Continuing our series of posts about decision-making, we’re starting to explore here the relationship between consensus decision-making and voting, and when to use different methods. Let us know about your experiences of decision-making in practice, citizen’s assemblies and other topics touched on in this blog.
If you’re a bit stuck, are facing a particularly difficult decision, or would just like an external facilitator to support your decision-making and group-work, get in touch. Read more about our facilitation services, and other help we can give you.
For some groups, solidarity is vital. Take two very different groups: pirates and Quakers. According to an article on pirate organisation by Peter T Leeson, called “An-arrgh-chy” (ho ho, or, rather, yo ho ho), pirate crews developed “articles of agreement [which] required unanimous consent. Consequently pirates democratically formed them in advance of launching pirating expeditions.” The Quakers say that they seek “dear unity”. They explain this desire as follows: “We deprecate division in our Meetings and desire unanimity. It is in the unity of common Fellowship, we believe, that we shall most surely learn the will of God.”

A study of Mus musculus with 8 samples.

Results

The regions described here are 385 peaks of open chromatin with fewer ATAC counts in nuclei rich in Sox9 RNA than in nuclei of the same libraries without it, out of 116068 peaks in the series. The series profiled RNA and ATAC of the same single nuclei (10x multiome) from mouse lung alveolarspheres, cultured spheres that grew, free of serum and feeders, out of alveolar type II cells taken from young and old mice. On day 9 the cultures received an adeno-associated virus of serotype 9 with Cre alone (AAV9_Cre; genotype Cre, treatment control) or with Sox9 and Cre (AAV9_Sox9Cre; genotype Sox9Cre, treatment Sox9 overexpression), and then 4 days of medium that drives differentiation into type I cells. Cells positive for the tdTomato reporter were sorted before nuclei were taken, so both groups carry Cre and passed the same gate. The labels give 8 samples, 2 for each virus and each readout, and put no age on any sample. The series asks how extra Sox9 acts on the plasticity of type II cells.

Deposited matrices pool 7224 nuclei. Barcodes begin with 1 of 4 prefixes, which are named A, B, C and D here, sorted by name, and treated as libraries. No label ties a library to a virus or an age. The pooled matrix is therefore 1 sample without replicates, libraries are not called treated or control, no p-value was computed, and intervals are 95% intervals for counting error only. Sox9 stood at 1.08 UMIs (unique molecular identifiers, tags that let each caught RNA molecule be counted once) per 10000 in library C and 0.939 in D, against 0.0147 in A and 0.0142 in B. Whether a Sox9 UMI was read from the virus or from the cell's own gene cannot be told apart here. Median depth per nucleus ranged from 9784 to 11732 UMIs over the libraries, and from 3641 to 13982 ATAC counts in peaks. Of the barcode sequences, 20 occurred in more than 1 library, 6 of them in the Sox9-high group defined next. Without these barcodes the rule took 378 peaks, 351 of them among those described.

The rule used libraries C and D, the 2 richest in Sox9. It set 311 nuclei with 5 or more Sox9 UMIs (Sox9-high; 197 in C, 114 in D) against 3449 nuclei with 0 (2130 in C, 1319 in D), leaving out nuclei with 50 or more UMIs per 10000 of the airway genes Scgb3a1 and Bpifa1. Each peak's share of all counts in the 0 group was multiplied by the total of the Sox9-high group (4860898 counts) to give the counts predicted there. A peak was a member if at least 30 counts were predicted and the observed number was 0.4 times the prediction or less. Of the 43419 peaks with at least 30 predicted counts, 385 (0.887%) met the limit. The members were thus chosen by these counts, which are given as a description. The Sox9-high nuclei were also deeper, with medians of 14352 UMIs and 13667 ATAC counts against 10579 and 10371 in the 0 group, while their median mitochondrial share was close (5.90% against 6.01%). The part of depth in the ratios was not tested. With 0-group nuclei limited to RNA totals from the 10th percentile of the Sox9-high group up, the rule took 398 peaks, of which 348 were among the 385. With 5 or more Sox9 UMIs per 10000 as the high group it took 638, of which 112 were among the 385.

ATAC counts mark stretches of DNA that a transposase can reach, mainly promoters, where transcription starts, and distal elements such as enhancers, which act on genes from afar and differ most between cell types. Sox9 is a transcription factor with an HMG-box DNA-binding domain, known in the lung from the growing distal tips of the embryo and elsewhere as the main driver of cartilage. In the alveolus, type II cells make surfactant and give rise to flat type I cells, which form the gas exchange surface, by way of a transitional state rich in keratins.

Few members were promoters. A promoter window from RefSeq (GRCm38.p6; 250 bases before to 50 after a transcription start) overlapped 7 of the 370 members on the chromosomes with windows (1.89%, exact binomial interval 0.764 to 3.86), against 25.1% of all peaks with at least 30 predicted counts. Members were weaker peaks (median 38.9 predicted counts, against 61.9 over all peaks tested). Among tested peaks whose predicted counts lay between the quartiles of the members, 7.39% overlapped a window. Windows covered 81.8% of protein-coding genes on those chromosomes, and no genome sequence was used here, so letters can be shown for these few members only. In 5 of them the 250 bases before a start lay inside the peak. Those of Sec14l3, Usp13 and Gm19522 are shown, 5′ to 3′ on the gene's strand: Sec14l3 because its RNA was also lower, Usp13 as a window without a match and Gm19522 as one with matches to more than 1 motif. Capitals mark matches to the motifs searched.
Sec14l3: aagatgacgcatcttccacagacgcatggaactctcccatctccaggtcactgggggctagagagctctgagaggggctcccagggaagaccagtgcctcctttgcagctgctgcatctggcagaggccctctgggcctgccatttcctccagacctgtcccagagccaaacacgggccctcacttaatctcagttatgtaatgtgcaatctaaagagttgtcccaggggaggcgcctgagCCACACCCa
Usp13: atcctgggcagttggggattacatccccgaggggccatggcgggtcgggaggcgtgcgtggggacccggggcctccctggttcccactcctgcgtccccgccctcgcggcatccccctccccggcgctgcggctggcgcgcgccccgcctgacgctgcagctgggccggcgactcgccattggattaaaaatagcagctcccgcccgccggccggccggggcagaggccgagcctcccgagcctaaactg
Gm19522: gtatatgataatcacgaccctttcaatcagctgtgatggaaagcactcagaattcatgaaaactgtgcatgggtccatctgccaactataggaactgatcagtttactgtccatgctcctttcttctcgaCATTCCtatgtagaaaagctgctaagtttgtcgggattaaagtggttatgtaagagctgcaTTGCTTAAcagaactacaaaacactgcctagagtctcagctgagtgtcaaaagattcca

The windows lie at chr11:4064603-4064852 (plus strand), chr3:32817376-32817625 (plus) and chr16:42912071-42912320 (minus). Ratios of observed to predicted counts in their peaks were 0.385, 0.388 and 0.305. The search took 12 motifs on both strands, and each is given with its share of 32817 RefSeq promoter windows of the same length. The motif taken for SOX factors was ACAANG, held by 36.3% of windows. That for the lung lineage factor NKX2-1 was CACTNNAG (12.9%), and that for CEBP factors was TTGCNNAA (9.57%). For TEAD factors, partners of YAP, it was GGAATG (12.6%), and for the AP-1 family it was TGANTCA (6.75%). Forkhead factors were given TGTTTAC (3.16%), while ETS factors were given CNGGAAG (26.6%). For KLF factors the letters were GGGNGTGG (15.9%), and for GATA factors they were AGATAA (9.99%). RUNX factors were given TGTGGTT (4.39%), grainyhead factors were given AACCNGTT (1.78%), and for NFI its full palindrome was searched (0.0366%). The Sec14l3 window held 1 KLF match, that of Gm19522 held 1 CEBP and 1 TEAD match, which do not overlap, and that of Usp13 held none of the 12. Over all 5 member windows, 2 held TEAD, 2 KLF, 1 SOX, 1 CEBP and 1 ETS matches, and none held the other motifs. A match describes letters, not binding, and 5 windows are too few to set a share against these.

In the words of Bruno Lasker’s 1949 book ‘Democracy through Discussion’: “Democracy was not conceived of [in the town meeting of old], and is not so conceived in other pre-industrial village communities the world over, as a struggle in which one interest group would win and the other lose. All had to be satisfied to some extent with the decision finally arrived at, or the security of the whole community might be undermined.”
All these groups use some form of consensus decision-making.
There are two mistakes that groups can make. The first is not paying attention to solidarity when you should. This was revealed, all unawares, by a member of the University of Kent’s Conscious Consumers group:
“Well, one disagreement was about doing ‘this Coke machine is ethically out of order’ signs everyday on the Coke [vending] machines [in the Student Union], and one person… seemed to have a problem with it, and so we had a vote, and she was outvoted, and that was how it was resolved…. And I never saw her here again after that, funnily enough.”
The second is using consensus when there isn’t sufficient group solidarity in place. Countries such as Argentina, Greece, Spain and Venezuela, where democracy has been in evident crisis, have given birth to assemblies where citizens, having lost faith in representative democracy, try and work out their own solutions. They tend to use consensus, but with a shifting cast of hundreds, they can’t possibly guarantee that people will value group solidarity. One assembly in Spain discussed a proposal that education should be ‘public, free, of good quality and secular’. One single person was able to block the suggestion that education should be secular.